The fa퀨͌_ade of growth

“Oregon’s largest university.”


Indeed. Not Oregon’s finest, most diverse, oldest or most respected university, but it is the largest. That’s something you say when there’s nothing better to say – sort of the equivalent of, “Well, she’s got a great personality!” However, this slogan is indicative of the general direction in which our fair alma mater is headed, perhaps inexorably.


This is my fourth year here at PSU, and every year I’ve watched tuition go up while financial aid goes down. Brilliant professors like Ridwan Nytagodien are shown the door for daring to challenge PSU to live up to its posturing of diversity and inclusion, while bright-eyed 23-year-old English lit grad students teach University Studies classes on Asian politics and history. Geographers teach political science, then claim to be “unqualified” to defend assertions they make in class.


While in the midst of a budget crunch, gleaming new dormitories rise up over Broadway and Sixth Avenue, vacant storefronts leering suggestively from their base like empty eye sockets. These wannabe Pearl District paeans to profligacy, these architectural celebrations of blatant disregard for current student needs, are beehives of $700-per-month cells just waiting for the tide of wealthy and oh-so-lucrative international students who will (fingers crossed!) fill them.


My favorite new addition has got to be the “renovation” of the Smith Center. I don’t know about you, but I have been anxiously pacing the halls for years now, wondering when the Food Court was going to be redone. And the meeting rooms on the second floor: atrocious! And while you’re at it, knock out a few walls in the convenience store on the first floor, put in a lovely new wood floor (which my friend scarred badly on its first day of use while delivering Pepsi, so I hear) and skew those aisles diagonally. The feng shui is ever so much better now. Don’t focus on the fact that there’s not a single new product, focus on the pretty new cashier’s station!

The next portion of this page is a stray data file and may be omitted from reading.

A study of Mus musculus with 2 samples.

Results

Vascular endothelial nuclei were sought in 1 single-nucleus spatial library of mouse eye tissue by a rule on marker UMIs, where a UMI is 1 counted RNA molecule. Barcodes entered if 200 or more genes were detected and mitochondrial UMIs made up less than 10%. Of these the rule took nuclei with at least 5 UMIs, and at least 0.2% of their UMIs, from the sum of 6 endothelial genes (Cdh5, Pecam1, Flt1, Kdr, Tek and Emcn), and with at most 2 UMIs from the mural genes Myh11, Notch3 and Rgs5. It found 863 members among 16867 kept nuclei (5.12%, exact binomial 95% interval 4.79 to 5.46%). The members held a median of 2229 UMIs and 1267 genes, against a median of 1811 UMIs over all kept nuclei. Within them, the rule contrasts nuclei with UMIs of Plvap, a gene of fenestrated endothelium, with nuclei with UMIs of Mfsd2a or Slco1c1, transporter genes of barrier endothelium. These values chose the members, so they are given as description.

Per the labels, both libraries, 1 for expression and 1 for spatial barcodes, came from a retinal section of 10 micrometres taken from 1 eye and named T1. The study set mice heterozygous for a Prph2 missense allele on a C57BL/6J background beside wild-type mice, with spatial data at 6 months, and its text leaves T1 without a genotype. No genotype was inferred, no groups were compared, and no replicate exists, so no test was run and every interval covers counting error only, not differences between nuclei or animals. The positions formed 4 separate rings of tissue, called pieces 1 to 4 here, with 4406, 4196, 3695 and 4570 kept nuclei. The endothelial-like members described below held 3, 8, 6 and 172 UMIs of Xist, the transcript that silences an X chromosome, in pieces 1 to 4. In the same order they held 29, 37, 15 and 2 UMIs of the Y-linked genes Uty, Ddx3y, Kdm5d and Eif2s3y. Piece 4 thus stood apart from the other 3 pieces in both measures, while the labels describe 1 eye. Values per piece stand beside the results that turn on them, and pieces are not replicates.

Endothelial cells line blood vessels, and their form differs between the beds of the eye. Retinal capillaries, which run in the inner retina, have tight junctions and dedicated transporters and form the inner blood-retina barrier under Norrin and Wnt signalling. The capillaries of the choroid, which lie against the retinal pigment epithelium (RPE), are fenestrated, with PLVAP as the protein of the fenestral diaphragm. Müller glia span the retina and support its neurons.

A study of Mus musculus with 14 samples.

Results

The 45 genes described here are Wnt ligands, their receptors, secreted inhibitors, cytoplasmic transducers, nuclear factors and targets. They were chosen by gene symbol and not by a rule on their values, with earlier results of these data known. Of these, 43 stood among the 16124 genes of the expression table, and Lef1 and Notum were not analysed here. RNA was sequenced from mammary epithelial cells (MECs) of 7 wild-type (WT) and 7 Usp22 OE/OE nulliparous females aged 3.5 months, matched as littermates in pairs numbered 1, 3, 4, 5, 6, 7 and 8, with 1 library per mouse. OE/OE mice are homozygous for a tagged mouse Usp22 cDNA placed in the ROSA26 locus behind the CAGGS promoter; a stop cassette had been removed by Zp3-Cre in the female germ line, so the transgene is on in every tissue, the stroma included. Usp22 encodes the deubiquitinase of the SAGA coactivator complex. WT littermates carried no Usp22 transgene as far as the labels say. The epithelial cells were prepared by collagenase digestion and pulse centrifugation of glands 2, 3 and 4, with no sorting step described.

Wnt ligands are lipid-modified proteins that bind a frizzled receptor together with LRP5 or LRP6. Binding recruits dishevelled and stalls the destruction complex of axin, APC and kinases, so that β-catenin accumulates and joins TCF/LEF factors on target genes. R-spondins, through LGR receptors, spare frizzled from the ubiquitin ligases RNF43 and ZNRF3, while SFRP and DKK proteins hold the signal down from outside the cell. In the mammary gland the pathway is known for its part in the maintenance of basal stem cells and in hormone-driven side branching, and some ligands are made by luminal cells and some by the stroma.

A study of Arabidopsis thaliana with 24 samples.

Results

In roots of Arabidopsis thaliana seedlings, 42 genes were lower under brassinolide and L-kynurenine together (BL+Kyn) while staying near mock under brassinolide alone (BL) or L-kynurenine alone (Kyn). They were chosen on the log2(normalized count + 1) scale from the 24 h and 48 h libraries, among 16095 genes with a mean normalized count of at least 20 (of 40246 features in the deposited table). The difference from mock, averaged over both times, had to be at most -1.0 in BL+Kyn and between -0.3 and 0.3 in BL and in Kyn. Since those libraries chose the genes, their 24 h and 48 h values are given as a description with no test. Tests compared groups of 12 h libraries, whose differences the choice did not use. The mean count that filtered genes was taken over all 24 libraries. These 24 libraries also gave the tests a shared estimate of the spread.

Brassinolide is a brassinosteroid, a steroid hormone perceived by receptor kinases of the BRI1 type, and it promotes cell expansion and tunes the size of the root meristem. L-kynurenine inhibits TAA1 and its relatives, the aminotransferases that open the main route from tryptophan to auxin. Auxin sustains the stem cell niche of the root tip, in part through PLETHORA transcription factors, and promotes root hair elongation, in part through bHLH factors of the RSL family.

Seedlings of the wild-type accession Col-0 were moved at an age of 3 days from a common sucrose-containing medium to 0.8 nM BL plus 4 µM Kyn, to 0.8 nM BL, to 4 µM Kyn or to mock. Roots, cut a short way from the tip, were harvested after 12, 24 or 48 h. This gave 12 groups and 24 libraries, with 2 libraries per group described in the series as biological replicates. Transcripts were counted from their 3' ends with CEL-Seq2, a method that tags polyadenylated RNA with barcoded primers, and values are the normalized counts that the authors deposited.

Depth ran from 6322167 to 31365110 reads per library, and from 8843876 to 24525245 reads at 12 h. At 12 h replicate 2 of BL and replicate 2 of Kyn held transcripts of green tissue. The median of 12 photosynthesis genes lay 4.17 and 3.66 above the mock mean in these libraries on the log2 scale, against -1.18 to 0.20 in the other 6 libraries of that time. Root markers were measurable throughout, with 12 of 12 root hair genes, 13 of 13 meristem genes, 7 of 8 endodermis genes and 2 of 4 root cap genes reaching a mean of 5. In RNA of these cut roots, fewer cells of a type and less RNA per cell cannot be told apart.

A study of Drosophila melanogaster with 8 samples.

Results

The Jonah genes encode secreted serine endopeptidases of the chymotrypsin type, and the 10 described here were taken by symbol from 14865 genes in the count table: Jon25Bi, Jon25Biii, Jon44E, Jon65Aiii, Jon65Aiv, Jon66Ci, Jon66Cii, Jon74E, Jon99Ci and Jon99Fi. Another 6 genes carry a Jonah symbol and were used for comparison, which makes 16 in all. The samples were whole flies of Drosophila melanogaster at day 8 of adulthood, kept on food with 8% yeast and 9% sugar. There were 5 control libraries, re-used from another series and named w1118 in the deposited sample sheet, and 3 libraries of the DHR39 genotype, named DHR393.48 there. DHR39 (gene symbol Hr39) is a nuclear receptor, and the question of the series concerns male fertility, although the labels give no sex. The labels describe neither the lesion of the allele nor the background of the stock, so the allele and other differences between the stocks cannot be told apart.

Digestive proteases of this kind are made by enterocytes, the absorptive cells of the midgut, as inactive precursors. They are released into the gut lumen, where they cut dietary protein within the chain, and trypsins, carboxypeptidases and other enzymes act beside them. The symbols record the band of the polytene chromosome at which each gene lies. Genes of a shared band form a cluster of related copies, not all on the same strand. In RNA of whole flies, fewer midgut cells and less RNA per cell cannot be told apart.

Focus on the fact that the conveniently located little coffee and pizza shop on the corner across the hall is now gone and has been replaced by thermoses, paper cups and boxes of brightly colored tea. But if you still want espresso, and don’t want to walk through the rain to a coffee shop off-campus, feel free to stand in line with all the folks waiting for bagels. Hell, if you’re lucky, a group of visiting high school students might barge through the inch-wide space left for egress and spill your peach lemon passion fruit decaf rooibos/green tea blend all over your new BCBG hoodie.


Hey, this is the college experience we’ve heard so much about. These are the best years of our lives, remember? What am I doing bitching and moaning? So what if my tuition is ever ascendant, but every class I need to take is booked to the gills and only offered once every two years because they can’t afford to hire professors to teach them? There are only so many ex-poetry majors to go around to teach these classes, right? 


Ah, PSU, how we love thee. What’s not to love? Look at it this way, friends: We are here at school, most of us, to learn the skills we will need to move on in life cheerfully accumulating capital, cars and kids. It’s all about money, right?


PSU is teaching by example. In its voracious pursuit of “growth,” the university has time and again sold out those of us unfortunate enough to be going here now, and not in 10 years, but they’ve done so with the 퀨͌_ber-American motivation in mind: profits, baby!


And when we hear that our school wants to buy up chunks of land across the 405, or to nearly double enrollment (because there’s way more than enough quality education to go around as it is) over the next decade, we can rest assured that those with the power to make these decisions are continuing to do so with the forethought, wisdom and compassion which they have brought to bear on every decision they’ve made.


Remember the parable of the scorpion and the frog; it’s their nature. Don’t be surprised. And if it makes me sick to see the perversion of an institution ostensibly dedicated to education and service to the city, it must be that I just don’t get it. Who the fuck do I think I am, anyway?